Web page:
If you're of the opinion that politicians are unqualified to create tech policy, then know that Ben Fried, Google's chief information officer, largely agrees with you.
"The current generation of lawmakers are probably not the best informed [about technological issues]," Fried told an audience at Columbia University today. And for that reason, according to Fried, they're likely not the best people to answer important policy questions about tech. Fried made his comments as a part of a panel discussion on "big data" that included executives from Bloomberg, Microsoft, and Facebook.
"I hope you're not going to try and get me in trouble." The panel was interesting but bereft of news until just before wrapping up, when an audience member cast a fat fish-hook of a question about improving privacy. When Fried's turn came to talk, he took the bait. He said privacy and other important issues differed depending on the country, and he hoped citizens around the world would become better informed about tech so they could create the best laws. That's when he ripped into politicians. Following the session, Fried was asked about his comment. He grimaced and told The Verge: "I hope you're not going to try and get me in trouble."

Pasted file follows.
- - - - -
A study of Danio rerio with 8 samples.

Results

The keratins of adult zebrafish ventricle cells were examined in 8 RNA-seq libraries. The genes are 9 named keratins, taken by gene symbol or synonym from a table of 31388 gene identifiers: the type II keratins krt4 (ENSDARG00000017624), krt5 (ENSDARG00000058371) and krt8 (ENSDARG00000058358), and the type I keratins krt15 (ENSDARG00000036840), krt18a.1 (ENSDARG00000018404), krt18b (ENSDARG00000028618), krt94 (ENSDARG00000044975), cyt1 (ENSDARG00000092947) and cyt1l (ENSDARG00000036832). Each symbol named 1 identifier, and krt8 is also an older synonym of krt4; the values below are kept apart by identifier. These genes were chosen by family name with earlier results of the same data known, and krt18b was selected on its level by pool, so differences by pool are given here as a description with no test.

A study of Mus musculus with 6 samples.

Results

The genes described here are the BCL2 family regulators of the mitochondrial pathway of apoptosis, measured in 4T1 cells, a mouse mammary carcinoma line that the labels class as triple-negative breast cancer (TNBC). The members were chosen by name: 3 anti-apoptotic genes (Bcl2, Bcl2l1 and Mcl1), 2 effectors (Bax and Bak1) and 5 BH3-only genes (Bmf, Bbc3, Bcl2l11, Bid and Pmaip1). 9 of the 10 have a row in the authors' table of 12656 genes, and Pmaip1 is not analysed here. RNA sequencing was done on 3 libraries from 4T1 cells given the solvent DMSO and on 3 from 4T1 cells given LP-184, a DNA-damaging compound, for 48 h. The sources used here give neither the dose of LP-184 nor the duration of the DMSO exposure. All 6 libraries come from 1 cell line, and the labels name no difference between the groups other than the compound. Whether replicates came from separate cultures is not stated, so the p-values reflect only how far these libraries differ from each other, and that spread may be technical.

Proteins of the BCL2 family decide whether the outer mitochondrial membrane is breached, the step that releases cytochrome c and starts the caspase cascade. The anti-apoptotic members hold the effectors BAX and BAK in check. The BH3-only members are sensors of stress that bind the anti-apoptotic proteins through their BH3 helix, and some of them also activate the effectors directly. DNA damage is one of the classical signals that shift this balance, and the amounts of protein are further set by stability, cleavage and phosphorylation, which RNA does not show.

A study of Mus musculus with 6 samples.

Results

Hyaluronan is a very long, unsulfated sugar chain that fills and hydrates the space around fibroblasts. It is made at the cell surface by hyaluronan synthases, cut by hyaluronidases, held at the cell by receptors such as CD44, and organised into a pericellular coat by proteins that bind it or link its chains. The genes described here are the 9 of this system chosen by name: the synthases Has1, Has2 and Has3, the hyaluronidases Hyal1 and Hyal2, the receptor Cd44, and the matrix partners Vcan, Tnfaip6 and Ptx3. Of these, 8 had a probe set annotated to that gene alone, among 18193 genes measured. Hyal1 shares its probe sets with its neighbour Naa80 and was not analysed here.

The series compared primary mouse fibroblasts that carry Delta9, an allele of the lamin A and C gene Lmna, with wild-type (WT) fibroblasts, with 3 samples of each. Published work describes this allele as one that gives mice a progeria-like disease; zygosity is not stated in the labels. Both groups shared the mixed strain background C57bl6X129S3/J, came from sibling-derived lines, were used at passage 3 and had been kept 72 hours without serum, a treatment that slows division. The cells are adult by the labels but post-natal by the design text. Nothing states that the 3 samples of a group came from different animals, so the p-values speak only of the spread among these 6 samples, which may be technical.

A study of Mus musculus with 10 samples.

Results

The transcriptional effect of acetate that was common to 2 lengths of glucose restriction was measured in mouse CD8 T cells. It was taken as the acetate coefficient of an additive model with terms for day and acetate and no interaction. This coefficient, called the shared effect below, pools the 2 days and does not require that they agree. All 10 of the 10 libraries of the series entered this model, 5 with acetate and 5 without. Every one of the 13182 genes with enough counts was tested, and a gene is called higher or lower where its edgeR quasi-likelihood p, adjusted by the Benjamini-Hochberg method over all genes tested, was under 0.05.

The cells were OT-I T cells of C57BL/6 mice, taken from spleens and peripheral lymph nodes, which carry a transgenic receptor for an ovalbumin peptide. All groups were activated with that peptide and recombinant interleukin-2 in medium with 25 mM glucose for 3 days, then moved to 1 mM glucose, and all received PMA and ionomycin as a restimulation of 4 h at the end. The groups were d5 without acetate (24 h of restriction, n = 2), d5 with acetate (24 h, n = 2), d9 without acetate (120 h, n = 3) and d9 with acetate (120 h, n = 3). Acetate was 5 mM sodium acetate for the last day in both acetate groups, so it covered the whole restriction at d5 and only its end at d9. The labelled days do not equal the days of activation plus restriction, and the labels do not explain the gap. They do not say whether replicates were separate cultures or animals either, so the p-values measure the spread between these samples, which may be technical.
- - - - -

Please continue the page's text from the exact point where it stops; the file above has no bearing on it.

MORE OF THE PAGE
"Most of today's lawmakers, I think, did not grow up as literate in the technology capabilities and climate in the world as Millennials." He added this to his initial statement: "I think most of today's lawmakers, I think, did not grow up as literate in the technology capabilities and climate in the world as Millennials and people who are graduating now. The capabilities that technology offers being introduced into the world are very different from what [today's politicians] are used to or grew up with and that creates a gap. The people who are establishing the laws for our society are themselves not natives to the capabilities and conditions. That doesn't mean through education and learning and so on..." he trailed off here to make the point that he didn't intend to bring up politicians.
After the panel, I came away with the impression that Fried believes politicians are clueless about tech. After our interview, I came away thinking he believes they're clueless, but it's not their fault. Either way, a Google executive being critical of the tech chops of the country's political leaders shouldn't surprise anyone. Google has had numerous run-ins with Congress over privacy issues, potential antitrust violations, and online piracy. It's not a stretch to assume some at Google believe Capitol Hill just doesn't get it.